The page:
Greece's Foreign Minister Dimitris Avramopoulos , Abbas.
(photo credit: REUTERS/Mohamad Torokman)
Both Palestinian Authority President Mahmoud Abbas and his Israeli counterpart Shimon Peres met separately on Thursday with Greek Minister of Foreign
Affairs Dimitris Avramopoulos, although the focus of the meetings seemed worlds apart.
Abbas received Avramopoulos at his presidential headquarters in Ramallah on
Thursday, where they debated over the peace process, official PA news agency
WAFA reported. Avramopoulos stressed to Abbas that settlement activities violate
international law and undermine any chances to achieve the internationally
backed two-state solution, affirming his country’s position calling to halt all
settlement activities in order to save the peace process, according to
Meanwhile, Peres told the Greek minister that both countries believe in peace, adding that he was convinced that one day peace will happen.
WAFA reported that the Greek minister emphasized the importance of
the peace process based on the two-state solution in order to establish an
independent state of Palestine.
The minister for foreign affairs
underlined the special relations between the Greek and Palestinian people,
telling Abbas that the Palestinian position is a priority of Greek foreign
policy. Abbas thanked the government and people of Greek for their
continuous support of the Palestinian people, according to WAFA.
WAFA reported the two also
discussed US Secretary of State John Kerry's efforts to revive negotiations
between Israeli and Palestinian leaders, with Abbas stressing the PA's keenness
to ensure success of US and international efforts to resuscitate the
Abbas affirmed the Palestinian side’s commitment to achieve a
just and comprehensive peace based on the two-state solution, WAFA reported.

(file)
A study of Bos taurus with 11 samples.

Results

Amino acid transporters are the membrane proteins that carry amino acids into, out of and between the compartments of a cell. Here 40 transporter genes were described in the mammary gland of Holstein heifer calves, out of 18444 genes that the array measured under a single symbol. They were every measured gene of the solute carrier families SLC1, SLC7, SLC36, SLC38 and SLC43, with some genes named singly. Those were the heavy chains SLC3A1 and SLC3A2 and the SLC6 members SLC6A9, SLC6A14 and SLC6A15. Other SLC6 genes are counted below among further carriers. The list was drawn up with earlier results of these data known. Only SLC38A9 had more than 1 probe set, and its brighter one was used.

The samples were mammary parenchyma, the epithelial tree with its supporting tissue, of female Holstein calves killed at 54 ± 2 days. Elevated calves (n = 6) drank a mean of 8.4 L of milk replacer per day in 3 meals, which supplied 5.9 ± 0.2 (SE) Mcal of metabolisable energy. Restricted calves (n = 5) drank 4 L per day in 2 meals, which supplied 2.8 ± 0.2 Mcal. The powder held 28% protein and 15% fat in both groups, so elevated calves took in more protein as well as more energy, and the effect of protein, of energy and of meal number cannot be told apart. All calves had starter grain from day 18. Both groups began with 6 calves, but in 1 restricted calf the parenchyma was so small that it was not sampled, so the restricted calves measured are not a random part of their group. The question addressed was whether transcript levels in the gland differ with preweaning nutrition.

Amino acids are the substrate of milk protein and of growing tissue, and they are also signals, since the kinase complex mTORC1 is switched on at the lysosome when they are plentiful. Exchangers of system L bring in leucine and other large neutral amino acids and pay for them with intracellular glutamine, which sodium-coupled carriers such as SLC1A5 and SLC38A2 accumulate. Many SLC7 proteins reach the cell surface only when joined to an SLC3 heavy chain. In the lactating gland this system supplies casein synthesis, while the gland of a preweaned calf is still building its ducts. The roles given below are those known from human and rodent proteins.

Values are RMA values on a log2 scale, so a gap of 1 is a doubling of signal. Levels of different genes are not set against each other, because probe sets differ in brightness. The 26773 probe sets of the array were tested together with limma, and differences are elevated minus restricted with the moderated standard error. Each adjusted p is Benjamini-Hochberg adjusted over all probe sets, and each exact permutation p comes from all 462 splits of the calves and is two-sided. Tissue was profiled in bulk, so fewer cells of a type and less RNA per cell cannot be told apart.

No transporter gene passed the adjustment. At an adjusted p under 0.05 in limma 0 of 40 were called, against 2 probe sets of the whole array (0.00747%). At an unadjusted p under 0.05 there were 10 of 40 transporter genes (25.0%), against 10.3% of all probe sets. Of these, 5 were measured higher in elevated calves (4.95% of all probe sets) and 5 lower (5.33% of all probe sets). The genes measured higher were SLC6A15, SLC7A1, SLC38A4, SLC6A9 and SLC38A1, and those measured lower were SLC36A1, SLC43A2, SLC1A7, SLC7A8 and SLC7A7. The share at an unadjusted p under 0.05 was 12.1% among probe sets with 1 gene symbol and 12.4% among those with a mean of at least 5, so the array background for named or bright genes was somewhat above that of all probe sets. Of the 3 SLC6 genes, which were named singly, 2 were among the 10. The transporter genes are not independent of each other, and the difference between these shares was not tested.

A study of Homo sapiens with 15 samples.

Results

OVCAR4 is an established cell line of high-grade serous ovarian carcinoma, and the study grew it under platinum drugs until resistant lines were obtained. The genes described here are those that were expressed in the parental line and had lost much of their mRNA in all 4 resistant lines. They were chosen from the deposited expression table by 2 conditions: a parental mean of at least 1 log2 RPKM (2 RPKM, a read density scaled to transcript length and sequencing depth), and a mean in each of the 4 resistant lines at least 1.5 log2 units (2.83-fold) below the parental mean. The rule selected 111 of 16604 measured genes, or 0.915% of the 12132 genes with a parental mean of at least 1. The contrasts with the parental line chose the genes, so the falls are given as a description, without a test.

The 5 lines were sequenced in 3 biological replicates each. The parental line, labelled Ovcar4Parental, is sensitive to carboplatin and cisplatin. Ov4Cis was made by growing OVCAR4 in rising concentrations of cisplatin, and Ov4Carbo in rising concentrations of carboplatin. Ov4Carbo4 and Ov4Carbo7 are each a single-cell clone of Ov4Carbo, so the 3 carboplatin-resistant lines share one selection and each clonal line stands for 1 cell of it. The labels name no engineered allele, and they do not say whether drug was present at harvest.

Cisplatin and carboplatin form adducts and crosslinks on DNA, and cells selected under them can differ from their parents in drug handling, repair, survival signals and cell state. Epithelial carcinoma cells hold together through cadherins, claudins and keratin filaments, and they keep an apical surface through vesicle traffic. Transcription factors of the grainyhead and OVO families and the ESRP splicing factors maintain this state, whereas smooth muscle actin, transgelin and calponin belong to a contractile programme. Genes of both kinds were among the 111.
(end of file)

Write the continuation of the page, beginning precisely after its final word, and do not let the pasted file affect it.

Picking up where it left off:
Meanwhile, Peres seemed more focused on the economic crisis in Greece than a discussion of the peace process.
Sorely in need of optimistic encouragement to overcome its economic crisis,
Greece received a large dose on Thursday when Avromopoulos called on Peres.
"We know that you are
going through difficult times" Peres told him. "When you have an economic
crisis, people think it's the end of the world, but it's the end of the crisis."
Peres recalled that when he had taken up office as Prime Minister in 1984, he
had been confronted with an inflation rate of 450 per cent. People said that it
was impossible to get out of the morass, and yet within nine months inflation
was down to 16 per cent. The measures he took, made people angry, so much so
that he was denied television air time, but in the final analysis with the
cooperation of the public, Israel emerged from the crisis and has maintained a
manageable inflation rate ever since.
Peres said that there are already
signs that Greece is coming out of the crisis.
This was confirmed by
Avramopoulos who said: We are at the beginning of the end," but acknowledge that
it will still take time before Greece is out of the woods. When it is finally
over, he predicted, the people of Greece will see that their sacrifice was not
for nothing. Meanwhile the government is doing the best it can, and is in the
process of changing everything, he said. Great progress has been made towards
the restoration of democracy Avromopoulos continued, but it is the government's
duty to change the whole system, he said.
Avramopoulos underscored that
the present administration is a coalition which is a rare phenomenon in Greek
In welcoming the Foreign Minister, Peres said that he was happy
that a new chapter between Greece and Israel had begun, Harking back to
centuries of mutual history between Greece and the Holy Land, Peres said that
Greece and Israel were "like two old gentlemen who remind themselves of their
youth and come together again." Commenting on the similarities in size, age and
wealth of both countries, Peres said that nowadays it's not the size of a
country that counts, but the people of a country and what they can
He was pleased that the bilateral agreement between Israel
and Greece includes cooperation on science and technology and
The two men have met several
times over the past twenty years, the first being when Avramopoulos was Mayor of
Athens. The two countries have known each other for thousands of years said
Avramopoulos, who added that he had always benefitted from Peres's
"We are embarking on a new beginning for the future," he said of
Greece's relations with Israel. "Our neighborhood has many routes and we must
work together for peace, stability, solidarity and cooperation." Later this year
he said, there will be a high level bilateral meeting in Israel with the focus
on energy, tourism, economy and research.